Services will be held Friday, Dec. 7, for John Tuomy, a former Palo Alto teacher who served for eight years on the Palo Alto Board of Education.
Tuomy suffered fatal injuries from a fall off a ladder on Wednesday, Nov. 28, and died on Friday, Nov. 30. He was 66.
He was born in Spokane, Wash., and moved to Palo Alto with his family in 1949. He went to Besse Bolton's Nursery School and Elizabeth Van Auken Elementary School. He attended Jordan Junior High and then Palo Alto High School.
After briefly attending Foothill College and the University of Oregon, he transferred to San Jose State University, where he studied political science.
In 1968 he became on intern for former U.S. Rep. Don Edwards and worked with the Mexican-American Political Association and the residents of east San Jose.
After 18 months at Golden Gate University Law School, he decided to stop studying law and discovered an interest in teaching through tutoring at his wife's school.
"I'd go home and think about it, and think about different ways to get through to the kids," he told the Palo Alto Weekly in 1998. "It was one of the first jobs I'd ever done that I really enjoyed doing, and I couldn't believe people got paid to do it."
He attained his teaching credential in the early '70s and student-taught in east San Jose and then at the Barron Park Elementary School in Palo Alto during a time when teaching jobs were scarce.
He was then hired at Palo Verde Elementary School, and after five years he was offered a position at the district's gifted program and eventually a spot as its computer coordinator.
"It was before Apple, even," he said. "We were timesharing on the district's HP 2008. I'd finish teaching, and I'd spend hours at the computer."
In 1977, he administered a $250,000 federal grant to teach children how to tutor each other on computers.
In 1979, he left the district for the private sector to better support his family. After a series of jobs in the tech industry, he became vice president of sales and marketing for Leemah Datacom Security Corp. in 1988 and became CEO in 1990.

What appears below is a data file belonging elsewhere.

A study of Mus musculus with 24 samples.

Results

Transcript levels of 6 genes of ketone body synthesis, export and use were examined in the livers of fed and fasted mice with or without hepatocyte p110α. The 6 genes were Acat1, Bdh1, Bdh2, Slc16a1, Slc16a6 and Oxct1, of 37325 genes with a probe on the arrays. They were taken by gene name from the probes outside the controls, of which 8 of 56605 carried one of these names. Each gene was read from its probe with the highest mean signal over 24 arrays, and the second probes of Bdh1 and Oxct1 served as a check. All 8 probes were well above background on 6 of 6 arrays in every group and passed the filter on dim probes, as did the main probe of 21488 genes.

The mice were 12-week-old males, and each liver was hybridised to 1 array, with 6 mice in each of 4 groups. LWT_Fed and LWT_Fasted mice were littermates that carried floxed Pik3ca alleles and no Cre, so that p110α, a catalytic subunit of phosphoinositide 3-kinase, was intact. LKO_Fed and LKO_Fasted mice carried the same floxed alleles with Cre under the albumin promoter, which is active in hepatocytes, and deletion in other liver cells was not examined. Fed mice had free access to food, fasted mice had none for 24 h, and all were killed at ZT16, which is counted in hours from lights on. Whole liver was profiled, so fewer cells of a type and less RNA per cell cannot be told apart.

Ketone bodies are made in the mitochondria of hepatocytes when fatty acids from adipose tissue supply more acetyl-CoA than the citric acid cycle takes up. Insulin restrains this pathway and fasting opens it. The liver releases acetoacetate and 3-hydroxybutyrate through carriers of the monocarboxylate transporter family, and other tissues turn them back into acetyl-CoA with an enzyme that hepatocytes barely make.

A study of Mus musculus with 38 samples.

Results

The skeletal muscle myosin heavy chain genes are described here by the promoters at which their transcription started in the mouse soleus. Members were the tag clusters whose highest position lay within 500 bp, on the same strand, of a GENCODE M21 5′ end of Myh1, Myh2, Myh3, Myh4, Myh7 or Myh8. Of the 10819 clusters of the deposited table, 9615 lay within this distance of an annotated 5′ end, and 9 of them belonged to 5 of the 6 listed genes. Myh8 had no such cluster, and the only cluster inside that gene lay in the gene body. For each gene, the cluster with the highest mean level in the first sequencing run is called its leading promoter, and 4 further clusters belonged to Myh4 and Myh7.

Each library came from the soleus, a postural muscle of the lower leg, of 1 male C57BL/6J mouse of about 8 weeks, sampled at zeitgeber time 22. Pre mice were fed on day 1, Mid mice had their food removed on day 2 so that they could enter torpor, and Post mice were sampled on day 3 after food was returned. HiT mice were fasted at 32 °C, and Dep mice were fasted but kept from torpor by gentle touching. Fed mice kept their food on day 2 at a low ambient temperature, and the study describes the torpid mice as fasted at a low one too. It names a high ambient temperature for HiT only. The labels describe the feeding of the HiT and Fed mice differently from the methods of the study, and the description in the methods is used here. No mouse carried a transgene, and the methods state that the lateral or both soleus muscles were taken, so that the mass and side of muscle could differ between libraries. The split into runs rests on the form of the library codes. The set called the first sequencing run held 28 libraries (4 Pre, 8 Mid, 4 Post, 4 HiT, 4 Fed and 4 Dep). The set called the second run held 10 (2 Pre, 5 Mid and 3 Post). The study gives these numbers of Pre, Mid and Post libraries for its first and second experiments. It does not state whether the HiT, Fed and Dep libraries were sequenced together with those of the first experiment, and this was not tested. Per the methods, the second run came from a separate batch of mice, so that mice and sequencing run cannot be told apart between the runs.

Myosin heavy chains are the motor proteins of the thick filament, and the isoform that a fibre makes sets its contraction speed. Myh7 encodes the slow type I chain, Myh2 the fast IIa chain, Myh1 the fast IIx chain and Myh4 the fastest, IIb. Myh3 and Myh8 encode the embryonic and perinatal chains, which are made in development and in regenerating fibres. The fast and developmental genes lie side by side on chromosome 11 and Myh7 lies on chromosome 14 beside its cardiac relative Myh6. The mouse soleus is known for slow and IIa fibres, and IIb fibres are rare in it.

But he didn't leave education behind. He fought against the proposed closure of Gunn High School in 1988 and served as co-chair, along with Carolyn Tucher, of the committee that put helped pass "Building for Excellence" school bond in 1995. After the bond passed, he reluctantly ran for school board. He served two terms, ending in 2003.
"He knew what he was signing up for," said Tucher, referring to his already busy schedule as a father and businessman. "He wanted to make sure he followed through on the commitments we made for the bond, and he really cared about education from making a career in it for as long as he did."
Tucher said his background as a teacher, his knowledge of technology and his deep love for the community made him uniquely qualified for the job of school board member.
"Often his test for decisions would be 'What would my father think of this? How would this sound to a longtime Palo Altan, and how would it affect them?'" Tucher said.
On the board he built a reputation as someone with strong opinions who always spoke his mind.
"There was nothing wimpy about John, but he was good-hearted," she said. "I think being straightforward was a good quality, and when all was said and done he would play with the team."
Tucher said Tuomy, who lived for years in the Greenmeadow neighborhood of Palo Alto, also ran for the school board to represent the place he lived.
"South Palo Alto has half the kids in the district, but there aren't many board members from those parts," she said. "He felt that his neighborhoods weren't as well-represented for no other reason than that they didn't run for the board."
School Board President Camille Townsend expressed in a press release the impact of Tuomy's death on the school district.
"John Tuomy loved this school district and he wanted the best for its students. His boisterous advocacy came with a thoughtful analysis and a willingness to put his shoulder into the work ahead. He focused on the future. We will miss him as a friend and as a leader," she stated.
Tucher spoke highly of Tuomy's dedication to his family. He is survived by his wife, Carolyn, a technology trainer for the Palo Alto Unified School District; his daughter, Erin Mershon and son-in-law Geoffrey Mershon of Palo Alto; his son, Brian Tuomy, a teacher at Gunn High School and daughter-in-law Ariane Tuomy, of Redwood City; sister Elizabeth Rundell of Palo Alto; sister-in-law Susan Custer of Mountain View; nephews Doyle Rundell of Menlo Park, Travis and Jordan Rundell of San Francisco; and granddaughters Amanda and Leah Mershon.
Services will be held on Friday, Dec. 7, at 4 p.m., at the Covenant Presbyterian Church, 670 E. Meadow Dr. in Palo Alto. It will be public, Brian Tuomy said.